The Fine Art of Ganging Up on Apple

The Apple blogosphere gets together and decides, based on rumors, what Apple should do. They entice readers with these predictions. Then Apple goes its own way, bound by its own realities. Then the bloggers get all upset and bash Apple. Then Apple sells millions of fill-in-the-blank. Will it ever end?

I am a bit disappointed with the reaction, in some circles, to yesterday’s Apple presentation. Some felt that Apple’s iPhone 4S was a let down. We heard the same thing back in 2009 when the iPhone 3GS came out, and guess what? It sold very well then, at a hefty price and continues to sell well now, obsolete and entry priced.

There are some who claim that Tim Cook took too long to get around to the meat of the presentation. It seems, in the age of the Internet, we need satisfaction within minutes — or our minds drift. Should Apple know better? Should Apple gauge its presentations based on the Attention Deficit Disorders of peripatetic journalists? I think Apple marches to the beat of its own drummer, and it did a lot of things right on Tuesday.

Tim Cook

Apple does everything for a reason. Those reasons are not always divulged to the press for the sake of good form and politics. For example, perhaps Apple wanted to get everyone on the Internet grooved in and solidly connected before Mr. Cook jumped the gun. Perhaps, knowing the the TV news was there, the company had certain messages that it wanted the TV news to visualize at certain times. There could be all kinds of things going on that we don’t take into account as we jump to quick analysis.

As for the iPhone 4S, there are some who claim that it should have been called the iPhone 5 just to satisfy a personal, self-imposed desire and time table. This hilarious Hitler spoof video sends up (WARNING: R-rated.) all that attitude. One quote I really liked was: “I want people to know that I’m better than they are. How can this happen if they can’t tell the new phone from the old?”

Many had an emotional investment in a slimmer, sleeker iPhone that would, by the way, require a whole new generation of cases. Maybe the industry isn’t ready for that yet, especially in this economy. Perhaps a slimmer iPhone would set a bad precedent — the battery space will be too small for battery killing 4G/LTE next year. Do you want your iPhone 5 to get thicker? Perhaps Apple has learned, based on manufacturing lessons, that retooling for a whole new external design every 12 months doesn’t work so well anymore. Along those lines, Tim Bajarin just published a very sane and sensible response that I liked: “Why Apple didn’t Release the iPhone 5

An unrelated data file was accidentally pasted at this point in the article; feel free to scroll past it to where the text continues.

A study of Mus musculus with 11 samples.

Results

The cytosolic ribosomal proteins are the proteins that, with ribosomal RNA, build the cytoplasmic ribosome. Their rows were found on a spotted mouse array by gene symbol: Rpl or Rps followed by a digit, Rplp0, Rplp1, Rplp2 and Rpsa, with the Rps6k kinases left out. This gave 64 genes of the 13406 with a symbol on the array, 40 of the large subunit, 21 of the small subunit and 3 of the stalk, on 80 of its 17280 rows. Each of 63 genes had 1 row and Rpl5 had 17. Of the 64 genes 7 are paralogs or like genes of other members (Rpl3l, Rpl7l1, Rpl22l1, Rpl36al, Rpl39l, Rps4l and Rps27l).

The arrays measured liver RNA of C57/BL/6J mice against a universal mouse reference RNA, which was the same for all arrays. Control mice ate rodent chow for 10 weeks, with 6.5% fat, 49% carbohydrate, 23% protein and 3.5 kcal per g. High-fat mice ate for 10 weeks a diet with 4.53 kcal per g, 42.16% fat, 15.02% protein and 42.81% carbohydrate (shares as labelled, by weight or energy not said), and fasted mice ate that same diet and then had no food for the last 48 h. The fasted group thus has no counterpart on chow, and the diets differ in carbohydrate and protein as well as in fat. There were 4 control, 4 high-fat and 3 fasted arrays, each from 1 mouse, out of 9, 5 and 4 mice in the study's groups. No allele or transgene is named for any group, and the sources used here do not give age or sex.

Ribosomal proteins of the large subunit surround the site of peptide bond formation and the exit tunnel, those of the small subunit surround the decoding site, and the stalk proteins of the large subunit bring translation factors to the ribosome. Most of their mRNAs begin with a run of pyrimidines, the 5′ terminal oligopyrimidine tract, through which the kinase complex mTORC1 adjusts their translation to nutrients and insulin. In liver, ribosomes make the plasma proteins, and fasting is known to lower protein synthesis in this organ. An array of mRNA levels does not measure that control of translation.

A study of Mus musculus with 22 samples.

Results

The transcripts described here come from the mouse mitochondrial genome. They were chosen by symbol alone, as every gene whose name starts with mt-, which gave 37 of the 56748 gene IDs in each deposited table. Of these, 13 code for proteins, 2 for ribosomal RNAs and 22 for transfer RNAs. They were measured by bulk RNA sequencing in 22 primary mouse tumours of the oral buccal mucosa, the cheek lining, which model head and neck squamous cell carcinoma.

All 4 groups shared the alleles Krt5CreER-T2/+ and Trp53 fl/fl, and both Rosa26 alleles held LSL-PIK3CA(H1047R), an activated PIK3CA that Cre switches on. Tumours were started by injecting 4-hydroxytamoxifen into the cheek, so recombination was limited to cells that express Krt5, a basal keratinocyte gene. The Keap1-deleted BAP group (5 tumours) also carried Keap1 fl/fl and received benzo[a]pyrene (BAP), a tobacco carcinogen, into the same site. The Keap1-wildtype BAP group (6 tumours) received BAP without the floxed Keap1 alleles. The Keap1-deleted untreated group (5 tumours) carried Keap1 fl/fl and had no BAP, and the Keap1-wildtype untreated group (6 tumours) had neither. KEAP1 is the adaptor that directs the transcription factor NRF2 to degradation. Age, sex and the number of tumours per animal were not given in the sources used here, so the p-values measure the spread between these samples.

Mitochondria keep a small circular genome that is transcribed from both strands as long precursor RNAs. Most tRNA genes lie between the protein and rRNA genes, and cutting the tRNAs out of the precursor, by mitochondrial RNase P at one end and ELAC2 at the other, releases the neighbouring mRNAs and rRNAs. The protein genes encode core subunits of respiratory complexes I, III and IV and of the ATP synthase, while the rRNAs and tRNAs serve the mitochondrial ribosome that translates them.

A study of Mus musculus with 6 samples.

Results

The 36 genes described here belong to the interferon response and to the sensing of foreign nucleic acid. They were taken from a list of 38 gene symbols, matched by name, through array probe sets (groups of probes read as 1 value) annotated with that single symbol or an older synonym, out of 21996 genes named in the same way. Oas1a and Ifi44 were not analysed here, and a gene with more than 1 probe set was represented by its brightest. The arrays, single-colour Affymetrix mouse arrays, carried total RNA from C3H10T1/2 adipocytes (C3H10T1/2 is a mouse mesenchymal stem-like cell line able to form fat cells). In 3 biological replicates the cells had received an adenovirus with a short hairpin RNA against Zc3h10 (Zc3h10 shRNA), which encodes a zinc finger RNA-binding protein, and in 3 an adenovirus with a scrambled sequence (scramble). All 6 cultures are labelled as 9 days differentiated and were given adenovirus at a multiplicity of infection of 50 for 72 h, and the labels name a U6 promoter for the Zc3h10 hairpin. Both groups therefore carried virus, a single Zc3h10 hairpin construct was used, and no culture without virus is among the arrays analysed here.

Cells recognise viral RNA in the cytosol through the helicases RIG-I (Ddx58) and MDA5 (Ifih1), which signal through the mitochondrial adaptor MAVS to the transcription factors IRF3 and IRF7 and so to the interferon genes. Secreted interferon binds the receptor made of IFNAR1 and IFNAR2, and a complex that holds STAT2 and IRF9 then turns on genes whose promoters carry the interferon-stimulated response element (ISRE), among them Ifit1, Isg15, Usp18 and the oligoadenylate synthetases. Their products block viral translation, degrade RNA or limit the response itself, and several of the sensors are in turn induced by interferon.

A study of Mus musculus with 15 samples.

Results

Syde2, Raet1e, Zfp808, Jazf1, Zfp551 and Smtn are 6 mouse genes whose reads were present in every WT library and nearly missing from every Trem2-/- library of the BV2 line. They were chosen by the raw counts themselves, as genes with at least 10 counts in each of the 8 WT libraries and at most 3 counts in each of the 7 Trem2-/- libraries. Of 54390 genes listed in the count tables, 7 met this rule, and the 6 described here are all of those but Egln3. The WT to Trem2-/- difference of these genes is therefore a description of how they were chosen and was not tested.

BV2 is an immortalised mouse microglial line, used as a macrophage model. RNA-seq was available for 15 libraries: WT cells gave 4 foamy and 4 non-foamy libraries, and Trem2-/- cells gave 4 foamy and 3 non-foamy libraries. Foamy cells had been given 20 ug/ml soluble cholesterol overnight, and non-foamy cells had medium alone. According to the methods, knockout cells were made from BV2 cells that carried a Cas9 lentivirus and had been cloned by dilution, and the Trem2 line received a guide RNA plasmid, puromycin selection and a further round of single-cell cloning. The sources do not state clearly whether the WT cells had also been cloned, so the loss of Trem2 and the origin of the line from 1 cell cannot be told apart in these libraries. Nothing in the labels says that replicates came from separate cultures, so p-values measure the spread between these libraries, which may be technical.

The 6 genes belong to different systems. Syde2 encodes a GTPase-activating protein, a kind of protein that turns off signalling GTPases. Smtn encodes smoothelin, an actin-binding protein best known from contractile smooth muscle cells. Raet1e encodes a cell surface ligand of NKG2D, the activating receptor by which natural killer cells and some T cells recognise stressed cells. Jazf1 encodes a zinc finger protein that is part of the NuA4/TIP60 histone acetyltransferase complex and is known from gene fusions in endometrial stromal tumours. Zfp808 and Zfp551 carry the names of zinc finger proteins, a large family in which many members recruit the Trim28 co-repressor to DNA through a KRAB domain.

Yesterday, Bryan Chaffin published a chart that I helped with comparing the iPhone 4S to the highly regarded Motorola Droid Bionic. I’ve also looked in detail at the Samsung Galaxy SII specs. What I’ve found is that Apple is doing just fine against the competition with the iPhone 4S. Customers loved the iPhone 4; maybe it’s sensible to ride that wave a bit longer. Again, it’s Apple’s time table, not ours.

We all have our self-imposed ideals and hopes. Many of us who cover Apple professionally 24 x 7 feel that we’ve come to know the company well. Readers come to us for our expertise, and the best observers of Apple provide valuable insights. They prepare us for our life as an Apple customer. (I try to be one of those.) This is well and good. Regrettably, I fear that the Internet age has made some of us all too edgy, impatient, maybe even a little arrogant — ready to push our own agenda too hard instead of letting Apple do its thing and report on it. Everything Apple does has a reason behind it. It’s our job to find out what that is.

It was pointed out to me that Antennagate didn’t stop the iPhone 4 from being phenomenally successful. Let’s wait and see how the customers react to the iPhone 4S. The sales numbers will tell the real story.